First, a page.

Up until this latest measles outbreak, it seemed as though the anti-vaccination parents and their enablers were the more vocal group. They were, after all, the small minority swimming against the trend. There was little reason for the majority to yell back.
But then the numbers of anti-vaxxers grew — still a very small minority, but enough to tip the public, at least in some areas, out of the protection of herd immunity, when enough people are immune to a disease to protect those who are too young or too frail to be vaccinated, or whose vaccinations did not provide immunity. (The measles vaccine is 97% effective — which means a small number of people won't receive protection from it.)
And we're feeling that tipping point as the number of cases of childhood illnesses, once virtually banished, makes its mark this year, closing a child-care center, sending high school students home from school and taking the number of measles cases to numbers not generally seen.
On top of that, the recent death from whooping cough of a newborn in Santa Barbara County — a baby too young to have been vaccinated — has sent shock waves through pediatricians' offices there. One pregnant woman there recently told me that her doctor laid down the law: It is not neurotic to be neurotic about unvaccinated people in her baby's presence. All visitors are to be queried about their vaccination status. If they aren't vaccinated, or aren't sure, they don't come into the house, manners be damned. And future play dates will include questions about whether the friend is vaccinated.
Of course, babies shouldn't be kept in bubbles throughout their first year of life, but new parents are left to fret over how much exposure is too much exposure, and how much protection is overprotection. That's especially true in child-care settings. This level of concern wasn't necessary until a critical number of parents stopped vaccinating.
As a result, we're starting to see a more vocal backlash against the anti-vaccine movement. More doctors are "firing" young patients whose parents refuse to vaccinate them. Sometimes that's because the doctors don't want to see themselves as allies in the anti-vaccine movement; other times it's because the parents of other children are raising alarm about the possibility of an infected child hanging out in the waiting room. The voices of those doctors, parents and alarmed public-health officials were enough to make New Jersey Gov. Chris Christie back off from some mealy-mouthed pronouncement he made about balancing public health concerns with parental choice, and to make Kentucky Sen. Rand Paul back off from his irresponsible assertion that he's "heard of" cases where vaccination caused severe mental disorders. Heard from where? From whom? With what scientific evidence?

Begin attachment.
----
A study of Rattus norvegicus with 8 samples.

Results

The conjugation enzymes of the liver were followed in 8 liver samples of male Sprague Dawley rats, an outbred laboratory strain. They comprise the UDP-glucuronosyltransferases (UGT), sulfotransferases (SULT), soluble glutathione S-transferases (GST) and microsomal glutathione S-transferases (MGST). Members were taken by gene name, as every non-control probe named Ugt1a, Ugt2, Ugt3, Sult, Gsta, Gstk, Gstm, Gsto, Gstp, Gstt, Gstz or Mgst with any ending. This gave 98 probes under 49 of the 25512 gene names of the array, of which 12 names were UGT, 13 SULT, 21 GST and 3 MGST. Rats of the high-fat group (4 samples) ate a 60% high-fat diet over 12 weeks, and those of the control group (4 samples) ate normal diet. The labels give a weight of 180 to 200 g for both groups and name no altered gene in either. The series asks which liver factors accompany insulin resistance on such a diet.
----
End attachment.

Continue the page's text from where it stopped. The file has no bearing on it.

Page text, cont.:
A new California bill by Sens. Richard Pan (D-Sacramento) and Ben Allen (D-Santa Monica) would attempt to latch on to the rising sense of indignation among parents who vaccinate by requiring schools to publicly report the numbers of students who are fully vaccinated. In the pockets of low vaccination rates — and Santa Barbara County has some of the biggest — this provides parents with the ammunition to raise a ruckus. And although the identity of unvaccinated children would of course be confidential, that societal pressure within the local context has the power to change behaviors — especially if it also pressures schools, which have been shamefully lax about following through on partly-vaccinated students despite laws requiring otherwise, to start pressing parents to finish the job.
But this is still tinkering around the edges of the problem. Though parents' choice is honored in many cases involving their own children, there is no inherent right to endanger other children. California, for all its progressivism, is behind the pack when it comes to requiring vaccination for public school attendance, by retaining an exemption for parents who say their personal beliefs run counter to it. Parents don't get to say that their personal beliefs run counter to giving their children an education; schooling is compulsory in this and every other state. And raising an ignorant child doesn't have a direct impact on others.
Thirty-one states have eliminated the personal-belief exemption. Most of those allow exemptions for religious beliefs. But a couple — Mississippi and West Virginia — don't allow even that, granting exemptions only when there is a medical reason, such as an allergy to an ingredient in vaccines, or a disease causing a weakened immune system in the child. And yet in those states, the concept of parental rights has not collapsed like a shaky roof in a storm. They just don't have measles in Mississippi.
Pan's office says there's a lot more to the bill than just the public notice, but they refuse to reveal more until Wednesday. We'll see.